Opinion: $81 fine for man involved in cyclist’s death involving dooring was reasonable

By Kyla Lee


Police blocked off West Esplanade for hours as they investigated the death of a cyclist on Jan 27, 2019. A North Vancouver man has now been charged. Photo Cindy Goodman / North Shore News

Unpopular Opinion: Dooring Fine Decision was Reasonable and Appropriate

About a year ago, a man in Vancouver was tragically killed in an accident. A careless driver did not check his blind spot or his mirrors when opening the door to his vehicle, and a cyclist was struck by the opened door. The cyclist died.

Now, the police have concluded their investigation into the death and the driver has been issued a ticket for unsafely opening the door of his vehicle. This is a lesser-known section of the Motor Vehicle Act and not one that triggers any penalty points. The fine is only $81. And this consequence has sparked outrage amongst the cycling community and the public at large.

While it may be uncomfortable to consider the fact that the consequences for killing another person are an $81 fine, the reality is that this fine properly addresses the conduct.

In Canadian law, including in cases of death or bodily harm, we do not punish people based on what the consequences of their actions were. Instead, we punish people based on their level of “moral blameworthiness.” This looks at how morally responsible the person is for what they did. For example, a person who intentionally engages in a course of conduct to kill another person is considered the most morally blameworthy. They can be convicted of first-degree murder and given the longest sentence known to Canadian law.

But a person who is reckless in their conduct, and whose recklessness causes the unplanned death of another person would not face a first-degree murder charge. Instead, they are charged with manslaughter, or depending on the degree of recklessness, criminal negligence causing death. The reason they would receive a lesser charge and ultimately a lesser sentence is because they are less morally responsible for their actions than the planned and deliberate killer.

A person who negligently opens a door is even less reckless than the manslaughter example.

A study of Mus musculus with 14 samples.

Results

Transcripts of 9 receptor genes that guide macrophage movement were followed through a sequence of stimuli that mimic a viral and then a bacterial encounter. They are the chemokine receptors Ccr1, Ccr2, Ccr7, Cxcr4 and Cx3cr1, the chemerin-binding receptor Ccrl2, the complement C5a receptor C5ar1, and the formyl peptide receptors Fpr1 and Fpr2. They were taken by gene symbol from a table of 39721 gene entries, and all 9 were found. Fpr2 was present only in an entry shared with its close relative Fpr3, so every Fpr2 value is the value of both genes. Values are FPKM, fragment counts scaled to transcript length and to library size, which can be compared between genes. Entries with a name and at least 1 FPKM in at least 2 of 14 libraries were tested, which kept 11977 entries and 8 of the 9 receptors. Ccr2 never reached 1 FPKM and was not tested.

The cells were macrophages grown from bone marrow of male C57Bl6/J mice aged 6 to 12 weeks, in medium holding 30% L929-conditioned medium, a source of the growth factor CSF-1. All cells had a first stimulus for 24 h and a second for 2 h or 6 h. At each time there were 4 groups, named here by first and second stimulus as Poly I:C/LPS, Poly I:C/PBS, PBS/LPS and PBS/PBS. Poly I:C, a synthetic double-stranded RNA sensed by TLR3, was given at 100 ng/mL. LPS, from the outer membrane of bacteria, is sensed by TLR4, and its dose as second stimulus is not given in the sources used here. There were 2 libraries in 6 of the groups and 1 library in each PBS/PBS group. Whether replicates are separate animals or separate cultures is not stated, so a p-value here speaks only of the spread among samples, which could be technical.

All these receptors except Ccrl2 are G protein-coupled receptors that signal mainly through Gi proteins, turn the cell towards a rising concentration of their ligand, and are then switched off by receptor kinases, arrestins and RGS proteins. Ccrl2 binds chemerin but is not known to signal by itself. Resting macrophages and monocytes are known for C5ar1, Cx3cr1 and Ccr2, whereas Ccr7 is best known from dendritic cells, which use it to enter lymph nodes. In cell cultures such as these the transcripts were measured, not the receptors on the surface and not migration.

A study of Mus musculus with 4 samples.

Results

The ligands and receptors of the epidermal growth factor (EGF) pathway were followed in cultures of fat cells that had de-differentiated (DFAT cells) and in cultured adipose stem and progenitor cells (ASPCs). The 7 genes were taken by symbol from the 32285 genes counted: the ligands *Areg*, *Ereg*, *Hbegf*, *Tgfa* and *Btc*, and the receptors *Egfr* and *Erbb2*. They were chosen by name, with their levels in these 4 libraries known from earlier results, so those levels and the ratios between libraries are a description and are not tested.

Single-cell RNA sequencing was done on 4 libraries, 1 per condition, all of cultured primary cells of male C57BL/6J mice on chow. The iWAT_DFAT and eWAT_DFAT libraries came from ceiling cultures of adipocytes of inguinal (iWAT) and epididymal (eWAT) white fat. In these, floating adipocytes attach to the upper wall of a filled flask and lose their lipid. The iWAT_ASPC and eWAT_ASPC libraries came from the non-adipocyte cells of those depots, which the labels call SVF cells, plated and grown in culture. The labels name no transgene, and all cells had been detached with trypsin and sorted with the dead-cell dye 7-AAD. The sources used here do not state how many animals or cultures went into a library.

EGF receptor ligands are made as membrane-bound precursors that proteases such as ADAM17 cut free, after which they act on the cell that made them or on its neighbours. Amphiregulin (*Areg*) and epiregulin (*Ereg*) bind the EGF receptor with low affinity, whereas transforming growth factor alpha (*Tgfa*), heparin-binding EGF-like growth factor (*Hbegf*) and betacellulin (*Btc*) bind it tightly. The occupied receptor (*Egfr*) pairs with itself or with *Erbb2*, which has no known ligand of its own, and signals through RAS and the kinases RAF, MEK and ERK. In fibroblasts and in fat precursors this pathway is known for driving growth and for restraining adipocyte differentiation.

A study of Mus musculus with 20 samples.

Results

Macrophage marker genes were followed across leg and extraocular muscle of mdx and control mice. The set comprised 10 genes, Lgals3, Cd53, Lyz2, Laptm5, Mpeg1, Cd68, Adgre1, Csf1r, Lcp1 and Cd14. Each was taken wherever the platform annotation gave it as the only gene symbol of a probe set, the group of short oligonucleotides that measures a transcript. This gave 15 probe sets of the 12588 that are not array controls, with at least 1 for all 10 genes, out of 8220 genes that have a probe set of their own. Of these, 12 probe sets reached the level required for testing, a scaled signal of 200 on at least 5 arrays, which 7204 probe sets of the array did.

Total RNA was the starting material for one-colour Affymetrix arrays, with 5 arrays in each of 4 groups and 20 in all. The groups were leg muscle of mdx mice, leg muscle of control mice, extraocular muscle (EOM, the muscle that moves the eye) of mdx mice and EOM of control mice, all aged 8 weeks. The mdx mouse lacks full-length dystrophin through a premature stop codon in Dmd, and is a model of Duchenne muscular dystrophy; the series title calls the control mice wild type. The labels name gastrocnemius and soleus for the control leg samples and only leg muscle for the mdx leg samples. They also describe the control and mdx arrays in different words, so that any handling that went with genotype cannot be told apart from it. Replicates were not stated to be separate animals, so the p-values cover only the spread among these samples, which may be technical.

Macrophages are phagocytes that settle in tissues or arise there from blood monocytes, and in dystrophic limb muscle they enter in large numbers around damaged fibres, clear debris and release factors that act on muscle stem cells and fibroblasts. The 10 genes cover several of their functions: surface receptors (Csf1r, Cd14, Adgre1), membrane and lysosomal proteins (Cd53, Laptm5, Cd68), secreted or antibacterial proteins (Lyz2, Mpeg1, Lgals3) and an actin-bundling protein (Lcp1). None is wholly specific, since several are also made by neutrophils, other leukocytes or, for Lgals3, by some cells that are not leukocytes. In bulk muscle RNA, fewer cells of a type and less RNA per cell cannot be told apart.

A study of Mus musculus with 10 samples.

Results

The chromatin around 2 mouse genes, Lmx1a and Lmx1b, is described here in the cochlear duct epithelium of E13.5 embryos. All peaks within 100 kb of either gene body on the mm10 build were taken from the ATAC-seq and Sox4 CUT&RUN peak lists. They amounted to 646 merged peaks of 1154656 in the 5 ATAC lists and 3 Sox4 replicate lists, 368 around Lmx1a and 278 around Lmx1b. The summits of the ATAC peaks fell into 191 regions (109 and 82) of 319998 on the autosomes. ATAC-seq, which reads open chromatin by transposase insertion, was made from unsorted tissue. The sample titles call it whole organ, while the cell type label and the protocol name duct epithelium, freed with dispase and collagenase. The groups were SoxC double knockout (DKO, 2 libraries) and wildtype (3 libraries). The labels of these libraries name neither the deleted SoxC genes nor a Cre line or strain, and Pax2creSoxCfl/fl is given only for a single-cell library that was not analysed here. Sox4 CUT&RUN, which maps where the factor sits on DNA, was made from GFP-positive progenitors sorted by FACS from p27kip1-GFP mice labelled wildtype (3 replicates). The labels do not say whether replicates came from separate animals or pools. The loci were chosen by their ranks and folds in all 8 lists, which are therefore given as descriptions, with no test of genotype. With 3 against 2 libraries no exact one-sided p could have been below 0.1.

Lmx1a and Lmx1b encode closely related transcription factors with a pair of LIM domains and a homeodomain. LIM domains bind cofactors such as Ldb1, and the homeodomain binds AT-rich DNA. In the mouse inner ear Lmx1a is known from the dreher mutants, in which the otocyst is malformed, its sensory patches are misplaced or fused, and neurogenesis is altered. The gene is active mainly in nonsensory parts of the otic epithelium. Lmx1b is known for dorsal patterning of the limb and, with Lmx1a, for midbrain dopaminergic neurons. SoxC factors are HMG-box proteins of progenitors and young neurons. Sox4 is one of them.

Let’s not hold ourselves above scrutiny and pretend that we have never, ever opened the door to a vehicle without first looking to see if there was an oncoming cyclist. The reality is that anyone who has opened a vehicle door is guilty of this.

The Motor Vehicle Act, which is the legislation under which the driver was charged, is also an important document to consider here. The purpose of the Motor Vehicle Act is to exhaustively regulate all conduct related to motor vehicles, their movement, and their operation. When a penalty is specified in the Motor Vehicle Act, the government has chosen specifically to limit the maximum that can be imposed for that offence.

Although provincial offences can carry fines of up to $2000 under the Offence Act, if a fine is set in the Motor Vehicle Act regulations, the Offence Act cannot replace that with a higher fine. This is due to a principle known as “legislative intent.” The more specific legislation is about a consequence or a penalty or an element of an offence, the more clear their intent becomes.

For the so-called “dooring” offence, the government mandated an $81 fine. And there is good reason for that.

The driver of a motor vehicle owes a duty of care to other road users. But the duty owed by a passenger is less so. Particularly when passengers may not even hold drivers licenses and understand the rules of the road. This ticket does not distinguish between the driver opening the door and the passenger doing so.

An excited teenager in the back seat could face the same consequences as an experienced driver. An elderly person in the front passenger seat could face the same consequences as an experienced driver. And yet these individuals are less responsible for their actions than the licensed and experienced driver. None of these people deserve go to jail.

Because the offence does not distinguish between these individuals or the location in the vehicle, so too can the penalty not be disproportionate to the gravity of the offending conduct.

All the driver in this case did was momentarily forget to look behind him when doing a completely normal and lawful action: opening a car door. He did not do anything that showed a disregard for life or safety. He simply made a mistake. One that we could all have made.